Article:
Energy industry analysts and experts have been predicting that the next significant trend for distributed energy is the inclusion of energy storage systems at various scales. Most all agree that a primary driver for development and investments is the need to remedy the consequences of intermittent output from solar energy systems and wind energy systems. Some even argue that other distributed energy systems that operate more on demand, such as fuel cells running on hydrogen or methane, will eventually benefit from localized energy storage because of the technology’s ability to also manage power quality.
We introduced the topic here by discussing battery storage and the relationship to the solar energy industry. After a year has passed, it is fair to wonder how the industry is moving forward. To a casual observer, it would seem there isn’t much progress. But there is,if you look across the globe and all technology types.
Scale and Technology
The solar storage market has remained a niche area for a number of years, mostly being used in off grid solar application areas. In most of those applications, cost was not the issue, but being able to supply electricity to meet demand at any time was.
Due to the costs and the nature of the technology, one storage type or application is not ideal for all applications. Continued use of battery storage for smaller scale off grid use is benefitting from battery technology advances in other markets. From telecom to electric vehicles (EV), there is an existing demand that justifies development costs outside of distributed energy storage. As the system size and scale grows, battery technology is still being tested, but more dedicated technologies are also being explored. In the U.S., most electricity pricing and markets are relatively low compared to other regions around the globe. Since the scale effects the cost to develop technology, not surprisingly the majority of activity is targeted towards large scale needs at this time.
Positive Activity and Trends
The U.S. Department of Energy (DOE) announced that its Loan Programs Office (LPO) will make up to $1 billion in loan guarantees available to support commercial-scale distributed energy projects, that will include rooftop solar with energy storage and smart grid technology.
Local and state incentives to increase energy storage capacity are growing. In California, utilities have been quick to experiment before legislation was passed requiring the three state utilities install 1.3 GW of storage by 2020. Southern California Edison is on the forefront with a massive desert installation backing up a wind farm.
Of importance to Ohio, the PJM Interconnection, an organization responsible for transmission of electricity across portions of up to 14 states including Pennsylvania and Ohio, has installed large systems for evaluation. Not only are utilities and transmission operators exploring electricity storage for future use, but they are just as interested in the systems’ ability to condition power along the grid.
Markets with higher retail electricity pricing across the world are slowly adopting storage for residencies and small businesses. Germany and Japan, the two leaders in small-scale storage, both have modest subsidy programs for residences and businesses. By the end of 2014 it was estimated that about 20,000 residential systems were in use in each of the countries.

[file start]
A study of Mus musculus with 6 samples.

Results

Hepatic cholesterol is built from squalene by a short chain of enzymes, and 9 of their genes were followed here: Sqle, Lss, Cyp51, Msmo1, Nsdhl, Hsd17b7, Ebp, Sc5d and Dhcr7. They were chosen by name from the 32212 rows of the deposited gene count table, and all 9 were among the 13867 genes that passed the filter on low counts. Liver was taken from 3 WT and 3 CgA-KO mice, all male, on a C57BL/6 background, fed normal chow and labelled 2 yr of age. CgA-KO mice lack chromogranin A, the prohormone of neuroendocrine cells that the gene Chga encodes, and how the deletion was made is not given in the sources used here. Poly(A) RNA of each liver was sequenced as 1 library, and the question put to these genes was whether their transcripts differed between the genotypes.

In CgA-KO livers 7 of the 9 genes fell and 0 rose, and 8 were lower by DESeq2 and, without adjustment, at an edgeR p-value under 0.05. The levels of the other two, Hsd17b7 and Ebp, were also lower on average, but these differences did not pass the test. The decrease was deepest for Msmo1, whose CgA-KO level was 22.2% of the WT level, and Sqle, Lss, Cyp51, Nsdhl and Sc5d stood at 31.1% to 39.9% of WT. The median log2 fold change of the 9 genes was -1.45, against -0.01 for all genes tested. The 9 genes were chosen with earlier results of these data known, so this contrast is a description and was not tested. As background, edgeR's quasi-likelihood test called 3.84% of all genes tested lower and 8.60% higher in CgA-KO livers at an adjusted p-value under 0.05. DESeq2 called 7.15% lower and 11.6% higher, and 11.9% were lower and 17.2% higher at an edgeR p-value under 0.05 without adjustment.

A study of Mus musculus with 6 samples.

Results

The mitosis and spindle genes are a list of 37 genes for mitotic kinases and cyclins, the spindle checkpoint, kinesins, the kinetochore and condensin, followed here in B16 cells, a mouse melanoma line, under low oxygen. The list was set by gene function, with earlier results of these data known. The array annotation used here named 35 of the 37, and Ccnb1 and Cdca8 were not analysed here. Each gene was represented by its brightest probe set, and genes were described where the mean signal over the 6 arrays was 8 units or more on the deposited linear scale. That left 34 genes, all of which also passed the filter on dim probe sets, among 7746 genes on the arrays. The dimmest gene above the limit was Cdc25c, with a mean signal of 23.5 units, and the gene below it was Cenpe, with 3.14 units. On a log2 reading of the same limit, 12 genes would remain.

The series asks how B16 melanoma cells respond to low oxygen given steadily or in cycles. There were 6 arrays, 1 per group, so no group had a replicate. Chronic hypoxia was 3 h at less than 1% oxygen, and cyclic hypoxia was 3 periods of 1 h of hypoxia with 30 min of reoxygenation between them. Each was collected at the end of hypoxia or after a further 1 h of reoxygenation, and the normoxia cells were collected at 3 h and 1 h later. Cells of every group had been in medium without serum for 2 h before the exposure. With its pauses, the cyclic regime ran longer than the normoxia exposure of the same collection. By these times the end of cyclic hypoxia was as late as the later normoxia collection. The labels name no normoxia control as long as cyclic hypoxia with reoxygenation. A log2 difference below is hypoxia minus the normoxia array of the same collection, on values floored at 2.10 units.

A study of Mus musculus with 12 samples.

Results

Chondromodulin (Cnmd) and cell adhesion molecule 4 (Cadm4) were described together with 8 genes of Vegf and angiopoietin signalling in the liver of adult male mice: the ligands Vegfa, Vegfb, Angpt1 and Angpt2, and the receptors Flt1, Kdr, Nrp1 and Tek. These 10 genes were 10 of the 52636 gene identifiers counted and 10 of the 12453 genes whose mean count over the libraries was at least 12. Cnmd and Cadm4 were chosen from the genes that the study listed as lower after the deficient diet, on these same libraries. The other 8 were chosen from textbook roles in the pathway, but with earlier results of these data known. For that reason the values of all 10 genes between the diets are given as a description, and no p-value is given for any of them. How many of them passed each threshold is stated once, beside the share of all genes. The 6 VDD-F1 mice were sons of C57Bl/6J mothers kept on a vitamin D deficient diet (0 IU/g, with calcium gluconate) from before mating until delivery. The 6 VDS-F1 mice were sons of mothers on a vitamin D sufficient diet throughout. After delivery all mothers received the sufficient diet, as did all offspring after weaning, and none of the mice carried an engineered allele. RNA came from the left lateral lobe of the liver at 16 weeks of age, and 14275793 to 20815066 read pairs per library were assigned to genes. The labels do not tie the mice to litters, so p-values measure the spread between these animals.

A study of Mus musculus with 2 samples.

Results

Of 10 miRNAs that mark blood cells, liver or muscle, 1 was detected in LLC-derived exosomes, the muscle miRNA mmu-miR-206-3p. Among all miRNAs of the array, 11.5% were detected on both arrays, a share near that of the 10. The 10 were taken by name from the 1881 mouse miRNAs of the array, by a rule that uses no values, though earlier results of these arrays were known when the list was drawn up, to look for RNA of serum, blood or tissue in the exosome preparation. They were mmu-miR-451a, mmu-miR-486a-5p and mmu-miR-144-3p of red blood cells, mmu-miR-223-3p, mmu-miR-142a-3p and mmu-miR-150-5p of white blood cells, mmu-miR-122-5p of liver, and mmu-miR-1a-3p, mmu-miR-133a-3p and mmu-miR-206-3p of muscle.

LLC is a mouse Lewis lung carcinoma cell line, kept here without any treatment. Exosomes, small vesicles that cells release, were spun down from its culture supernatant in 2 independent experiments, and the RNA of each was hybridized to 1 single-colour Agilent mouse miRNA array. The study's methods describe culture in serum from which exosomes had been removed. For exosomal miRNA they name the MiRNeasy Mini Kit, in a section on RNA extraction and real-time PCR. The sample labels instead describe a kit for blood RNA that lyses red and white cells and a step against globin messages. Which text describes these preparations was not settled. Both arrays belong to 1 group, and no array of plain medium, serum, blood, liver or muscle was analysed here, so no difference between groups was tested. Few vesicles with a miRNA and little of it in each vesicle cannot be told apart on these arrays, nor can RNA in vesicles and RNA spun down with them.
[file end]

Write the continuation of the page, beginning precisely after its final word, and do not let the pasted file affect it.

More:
In the U.S., Hawaii has not only the highest retail rates, but also a large penetration of distributed energy systems, especially solar. HECO, the largest electricity supplier to the state, has become aggressive in exploring all forms of storage specifically to improve the integration of renewable energy.
A flow battery is a special type of rechargeable battery in which two liquids with opposite electric charge (electrolytes) exchange ions, converting chemical energy directly into electricity. The electrolytes are usually separated by a thin membrane that lets them exchange ions without mixing. Each electrolyte is stored in its own tank, and those tanks can easily be scaled from low kWh to MWh in capacity.
We earlier discussed thermal storage as it takes advantage of a unique type of solar energy generating technology. Creative advances are taking place to give some versions of this technology a competitive advantage for more general applications.
Although not a new technology even in the U.S. and North America, there have been recent advances and successful installations that are further proving its value. Here the storage technology was essential for a Spanish project to reach its first milestone of total self-sufficiency for 10,000 residents.
Managing Energy Storage
In order to properly utilize storage technology, especially at scale, advances are needed in management software. Many vendors are now on board, and competition is high.
It is difficult to predict exactly where technology and its application is headed. But all indications are that activity in the market is accelerating. This is not only key to advancing the effectiveness, but it also has caught the attention of a greater number of financial investors. It is a primary reason why analysts have become so bullish about the future.
On the residential storage front, Tesla made headlines with the announcement of the Powerwall for smaller applications. However, with the advances and activity reported here, in the near future larger scale systems are better suited to meet the immediate needs of the power grid. The residential storage market is growing, but by comparison larger scale commercial and utility projects are exploding and providing most of resources and investments to validate the full range of technologies. At YellowLite, we will stay in tune with current events and keep our customers well informed over time.